Must the path to a better world go through the market? This is something to ponder in 2017.
In December 2015 Playboy magazine released its January/February 2016 issue. It featured 48-year-old every-pubescent-boy’s-fantasylifeguard Pamela Anderson on its cover. This was a historic issue, marking the end of an era spanning more than six decades. For a magazine infamous for the nude photos it carried in its pages, this issue was the last in which Playboy will feature nudity.
Some say it was a victory for feminism; others, a triumph for religion.
But what really happened? In its own words, Playboy had this to say about its decision to cover up:
“Tens of millions of readers come to our non-nude website and app every month for, yes, photos of beautiful women, but also for articles and videos from our humour, sex and culture, style, nightlife, entertainment and video game sections. We are, and always have been, ‘entertainment for men’ – with award-winning journalism and fiction to boot.”
The keywords, really, are “tens of millions”.
Oddly enough, what won over nudity was not feminism (Playboy issues, after all, “are, and always have been, 'entertainment for men’”). It was the desire to stay afloat financially in a changing world. In other words, it was the desire to continue making a profit.
No Point Blaming Religion
Was it some kind of religious awakening that changed Hugh Heffner’s heart? Obviously not. Did society become more moral? No, not with the proliferation of free pornography online. Simply, norms and tastes change, and it did not make sense to do nudes anymore as Playboy had done for decades. Hence, in order to survive, it had to try something new.
There was nothing religious or ethical about it.
So when I read about the rise of a certain Malaysian kosher airline (now defunct), or hypermarkets segregating trolleys for ritually-pure products, or a fast food restaurant chain banning non-kosher outside food, even birthday cakes; I do not blame religion. Just as I do not credit religion for Playboy’s change of business strategy. I mean, why should we blame religion when a major conglomerate who would not think twice about exploiting people in all sorts of ways decides to comply with some values, all because of profit?
There is a deeper dynamic at work here.
The cover of January 2016's Playboy issue.
The Logic of the Market and Religion
Yes, to be sure, there is religious language involved. But the pattern is clear. Some use political language (Make America Great Again), some nationalist language (1Malaysia, Brexit), and some ethnonationalist language (Hidup Melayu! or, Make America White Again), but again and again, the aim is the same: to triumph on the market.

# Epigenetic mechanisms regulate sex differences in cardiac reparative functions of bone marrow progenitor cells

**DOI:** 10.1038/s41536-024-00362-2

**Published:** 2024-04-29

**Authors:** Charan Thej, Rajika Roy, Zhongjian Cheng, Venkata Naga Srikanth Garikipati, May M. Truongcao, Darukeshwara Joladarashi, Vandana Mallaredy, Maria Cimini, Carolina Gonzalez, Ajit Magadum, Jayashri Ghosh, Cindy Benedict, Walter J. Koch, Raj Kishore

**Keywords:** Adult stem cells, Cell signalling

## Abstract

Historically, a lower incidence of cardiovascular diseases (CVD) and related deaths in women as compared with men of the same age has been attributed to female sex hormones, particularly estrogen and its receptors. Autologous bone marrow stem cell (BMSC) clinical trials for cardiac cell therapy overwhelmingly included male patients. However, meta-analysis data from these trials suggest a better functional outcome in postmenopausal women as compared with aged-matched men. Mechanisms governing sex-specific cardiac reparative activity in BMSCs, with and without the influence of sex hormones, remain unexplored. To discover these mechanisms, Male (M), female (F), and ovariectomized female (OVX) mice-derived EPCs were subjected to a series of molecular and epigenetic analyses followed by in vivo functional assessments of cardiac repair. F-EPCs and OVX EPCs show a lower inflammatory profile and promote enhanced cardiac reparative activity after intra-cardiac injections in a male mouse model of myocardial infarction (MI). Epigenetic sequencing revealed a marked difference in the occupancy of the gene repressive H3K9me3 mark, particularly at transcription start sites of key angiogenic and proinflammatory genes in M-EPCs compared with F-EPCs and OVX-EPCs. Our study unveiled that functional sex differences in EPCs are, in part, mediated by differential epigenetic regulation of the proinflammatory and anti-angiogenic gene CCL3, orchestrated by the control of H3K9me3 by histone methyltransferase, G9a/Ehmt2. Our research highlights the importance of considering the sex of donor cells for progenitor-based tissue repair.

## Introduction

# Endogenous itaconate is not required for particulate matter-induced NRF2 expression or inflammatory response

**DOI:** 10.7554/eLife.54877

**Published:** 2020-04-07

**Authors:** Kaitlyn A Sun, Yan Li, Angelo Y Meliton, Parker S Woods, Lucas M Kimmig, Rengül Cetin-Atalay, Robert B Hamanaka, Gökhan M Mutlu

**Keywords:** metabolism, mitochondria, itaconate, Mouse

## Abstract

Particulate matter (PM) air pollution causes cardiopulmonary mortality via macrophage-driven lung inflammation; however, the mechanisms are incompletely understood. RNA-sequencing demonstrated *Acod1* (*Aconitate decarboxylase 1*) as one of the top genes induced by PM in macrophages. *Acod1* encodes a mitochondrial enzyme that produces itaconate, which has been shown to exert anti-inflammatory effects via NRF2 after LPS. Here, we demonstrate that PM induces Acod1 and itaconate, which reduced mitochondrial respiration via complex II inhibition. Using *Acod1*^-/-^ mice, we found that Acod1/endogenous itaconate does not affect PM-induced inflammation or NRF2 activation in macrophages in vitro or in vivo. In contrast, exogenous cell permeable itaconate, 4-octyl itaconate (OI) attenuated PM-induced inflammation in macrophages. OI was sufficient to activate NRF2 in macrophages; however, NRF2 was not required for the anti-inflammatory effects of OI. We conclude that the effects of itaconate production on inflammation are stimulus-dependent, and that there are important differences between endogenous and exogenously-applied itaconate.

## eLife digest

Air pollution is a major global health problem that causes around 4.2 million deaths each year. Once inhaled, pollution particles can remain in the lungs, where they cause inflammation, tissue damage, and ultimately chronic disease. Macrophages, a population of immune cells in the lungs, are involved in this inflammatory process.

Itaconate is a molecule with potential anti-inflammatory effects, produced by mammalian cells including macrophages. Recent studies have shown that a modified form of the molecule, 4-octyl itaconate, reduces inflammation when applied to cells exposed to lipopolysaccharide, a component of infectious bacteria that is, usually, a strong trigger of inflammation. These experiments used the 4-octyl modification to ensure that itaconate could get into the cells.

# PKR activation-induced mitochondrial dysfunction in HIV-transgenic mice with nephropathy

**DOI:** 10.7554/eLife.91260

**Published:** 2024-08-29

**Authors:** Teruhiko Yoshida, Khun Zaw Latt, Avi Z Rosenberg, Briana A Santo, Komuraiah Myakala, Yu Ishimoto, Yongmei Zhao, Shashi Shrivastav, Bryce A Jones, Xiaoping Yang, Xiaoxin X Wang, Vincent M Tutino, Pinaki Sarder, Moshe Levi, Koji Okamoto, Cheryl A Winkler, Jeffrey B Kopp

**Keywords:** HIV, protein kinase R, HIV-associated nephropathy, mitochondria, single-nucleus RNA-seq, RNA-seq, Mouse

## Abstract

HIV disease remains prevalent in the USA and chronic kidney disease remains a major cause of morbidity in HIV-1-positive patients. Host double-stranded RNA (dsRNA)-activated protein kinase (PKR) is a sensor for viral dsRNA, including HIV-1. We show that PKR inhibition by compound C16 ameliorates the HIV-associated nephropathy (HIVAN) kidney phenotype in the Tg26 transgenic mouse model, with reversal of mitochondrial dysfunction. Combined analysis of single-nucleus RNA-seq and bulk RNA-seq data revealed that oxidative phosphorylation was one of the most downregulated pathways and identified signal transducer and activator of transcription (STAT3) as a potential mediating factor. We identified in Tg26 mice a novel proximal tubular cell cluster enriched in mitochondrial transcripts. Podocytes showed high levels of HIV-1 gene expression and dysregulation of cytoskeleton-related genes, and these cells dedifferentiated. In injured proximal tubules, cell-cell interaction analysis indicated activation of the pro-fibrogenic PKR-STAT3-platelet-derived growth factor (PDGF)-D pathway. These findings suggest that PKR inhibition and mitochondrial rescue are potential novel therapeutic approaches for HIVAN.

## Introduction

Whatever it takes, really; because the final aim is to make a profit. All other things are subordinate to this, if they are relevant at all.
It is the same logic that establishes the high prices of houses to such an extent that we can end up with as many empty homes as there are homeless people. The same logic tells us we must spend and spend in order to fuel the economy only to crush ourselves under a burden of debts. This logic insists on meritocracy, but only for the poor and the working class. It decides that a product made by lowly paid shop-floor operators is priced higher than months of wages for those workers.
It is a logic that allows us to buy anything from better education to better exam grades. We can purchase fast lanes at airports, yes, but also in hospitals. We can pay premium for VIP services in hotels or for favours in government departments; we can buy security and protection from and against law enforcers; we can buy human services, human organs and, heck, even human beings. Alas, we can also buy good conscience and religiosity.
Little wonder why there is so much depression in the world. But the sad truth is this: very few can imagine a way out.
One way to look at religion is how it poses a challenge to the present order of things. I mean, that is what “heaven” is all about, really, isn't it? The best of our religious traditions imagine a radically different future where the logic that causes untold pains and miseries will be no more – e.g. Jesus’ call to cancel debts, and Prophet Muhammad’s call to ban interest loans…
We should be worried that the rich religious traditions ... are now so comfortably in cohort with “the current world”.
So, do not praise Playboy, or an airline, or a bank or a fast food restaurant for being Bible-compliant, or Quran-compliant. It is not a victory for religion.
"Make America Great Again" cap in support of Donald Trump at a rally in Phoenix, Arizona.
In fact, we should be worried that the rich religious traditions that are supposed to offer a radically different world are now so comfortably in cohort with “the present world”. Instead of transforming this world for the better, they are happy to be part of the existing scheme and therefore part of the problem.
I am not sure if there is a grand solution. But surely talking about it more, forcing the logic to the surface and challenging its limit, even little by little, is a good start.
May 2017 be a bit more “illogical”.
Steven Sim is the Member of Parliament for Bukit Mertajam.